John Updike, 1932 – 2009

In 2004, novelist John Updike spoke at the Center for Religious Inquiry at St. Bartholomew’s Church in New York City. Read Benedicta Cipolla’s report.

After 21 novels and countless short stories, John Updike still creates characters who behave in the usual Updikean fashion, embarking on ribald sexual escapades and wrestling with spiritual and moral angst. His latest book, VILLAGES, published in October to mixed reviews, returns to the themes — first mined to full effect in the 1960s in works such as RABBIT, RUN and COUPLES — of mortality, salvation, and lots of sex. John Updike the man, however, seems to have mellowed with age, reaching peace after his own professed search for existential comfort.

At a talk on religion in his work Thursday evening (Nov. 18) at St. Bartholomew’s Episcopal Church in Manhattan, Updike told the audience of 300 that his Christian faith had “solidified in ways less important to me than when I was 30, when the existential predicament was realer to me than now. … I worked a lot of it through and arrived at a sort of safe harbor in my life.”

While much of his earlier work contains traces of Updike’s furious immersion in Christian theology, he said he looked more to the congregation of his hometown Massachusetts church as the rock of his faith today.

“When I haven’t been to church in a couple of Sundays I begin to hunger for it and need to be there,” he said, standing at a podium in front of the altar, against a backdrop of Byzantine-style mosaics and dressed in a gray suit befitting one of America’s elder statesmen of letters. “It’s not just the words, the sacraments. It’s the company of other people, who show up and pledge themselves to an invisible entity.”

As a young man studying at Oxford in the mid-1950s, Updike said he devoured new translations of Soren Kierkegaard at Blackwell’s bookstore, discovering him “so positive and fierce and strikingly intelligent, like finding an older brother I didn’t know I had.” He pointed to his classic character Harry Angstrom, of the Rabbit tetralogy, as an example of the Danish philosopher’s influence. The Swiss neo-orthodox theologian Karl Barth informed another character in the first book of the series, the Lutheran minister Fritz Kruppenbach, who faces off with an Episcopal priest in a scene Updike chose to read. Upon going to Kruppenbach’s house to discuss Rabbit’s desertion of his family, Rev. Eccles is treated to a diatribe against meddling in others’ affairs. Kruppenbach sounds like a stand-in for Barth himself.

“When on Sunday morning then, when we go before their faces, we must walk up not worn out with misery but full of Christ,” he tells a disconcerted Eccles. “Make no mistake. There is nothing but Christ for us. All the rest, all this decency and busyness, is nothing. It is Devil’s work.”

Speaking in the narthex bookshop as Updike diligently signed books following the talk’s conclusion, the Rev. J. Christopher King, associate rector of St. Bart’s, mentioned the passage from RABBIT, RUN as the evening’s most gripping excerpt for him. “I couldn’t help but hear Kruppenbach addressed to me,” he said. “He’s talking about a certain kind of formation where we’re led to think of ourselves as fixer-uppers. If it happened to me I think I’d behave very much like Eccles. The reason Eccles is angry is because he knows the truth has been spoken to him.”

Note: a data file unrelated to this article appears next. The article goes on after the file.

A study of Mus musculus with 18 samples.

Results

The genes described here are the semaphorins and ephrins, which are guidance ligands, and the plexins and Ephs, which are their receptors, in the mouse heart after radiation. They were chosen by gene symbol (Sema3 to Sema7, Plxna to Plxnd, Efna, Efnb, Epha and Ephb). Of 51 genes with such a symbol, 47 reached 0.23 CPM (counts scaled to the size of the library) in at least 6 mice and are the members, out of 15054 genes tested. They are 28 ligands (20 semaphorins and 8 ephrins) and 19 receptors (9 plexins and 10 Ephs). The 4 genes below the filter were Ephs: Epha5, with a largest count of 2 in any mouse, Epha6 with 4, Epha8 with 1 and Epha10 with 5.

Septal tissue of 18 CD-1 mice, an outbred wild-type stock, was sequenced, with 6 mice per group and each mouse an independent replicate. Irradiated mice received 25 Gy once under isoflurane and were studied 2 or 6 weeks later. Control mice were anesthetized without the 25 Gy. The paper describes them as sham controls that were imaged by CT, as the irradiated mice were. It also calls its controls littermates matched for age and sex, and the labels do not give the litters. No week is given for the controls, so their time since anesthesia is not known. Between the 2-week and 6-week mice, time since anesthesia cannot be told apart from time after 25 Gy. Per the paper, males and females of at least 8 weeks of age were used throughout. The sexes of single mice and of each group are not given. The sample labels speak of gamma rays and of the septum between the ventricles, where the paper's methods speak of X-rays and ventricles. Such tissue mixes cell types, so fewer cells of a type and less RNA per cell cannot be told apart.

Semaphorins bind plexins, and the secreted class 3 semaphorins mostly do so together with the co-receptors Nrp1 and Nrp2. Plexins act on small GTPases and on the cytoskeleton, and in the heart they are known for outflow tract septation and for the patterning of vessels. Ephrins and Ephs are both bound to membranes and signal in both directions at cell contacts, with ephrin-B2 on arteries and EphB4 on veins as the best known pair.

Offering his lifelong “tour of Protestantism” as the tongue-in-cheek reason he could address an audience on the topic of religion, Updike explained that he had been raised Lutheran in Pennsylvania, the grandson of a Presbyterian minister. He said he joined a Congregational church with his first wife, the daughter of a Unitarian minister, “as a good midway point between our sects.” Since marrying his second wife in 1977, he has worshipped as an Episcopalian. For good measure, Updike added, to much laughter from those listening, that his first girlfriend was the daughter of a Methodist chaplain.

Updike’s studies of theology and Scripture have led him to form strong opinions, though he remains reluctant to position himself as an authority on anything except his own oeuvre. Asked which of the Gospels was his favorite, he answered, without even a beat to reflect, that he liked Luke’s stories the best, but trusted Mark “as the earliest and least prone to wishful thinking.” Updike paused for a moment. “It’s also the shortest,” he said, before critiquing Matthew as legalistic and “the most full of hellfire,” and John as “almost too much of a Platonic philosophy.”

Responding to a question submitted from the audience on whether orthodox Christian theology’s invocation to accept God’s will runs counter to progressive politics, Updike concluded, “I think there is a quietism, at least in the Lutheran faith, that you can see in Luther’s own life.

“Yes, I think to a certain degree it mitigates against trying to change the world, instead trying to find a peaceful, satisfactory place within the world that exists,” he said. “It is consoling to think that if not every detail is the will of God, there is a kind of will bigger than your own. You can’t change everything. You have to accept the world as it is.”

Introducing a poem from the 1950s, “Burning Trash,” he called wonderment at one’s own existence and that of the world “one of the seeds of religious consciousness,” offering the fear of death as the other. After describing the poem as an attempt to convey “the sense of being suspended in space, in an endless darkness,” Updike mused that “maybe when you’re young is the time to think about your death.” For a man famously averse to expounding on himself in interviews, who once said that “when the subject is myself, I want to jeer and weep,” the comment suggested that now, at age 72, he prefers to console himself in the “safe harbor” of his faith.

–Benedicta Cipolla is a writer in New York City.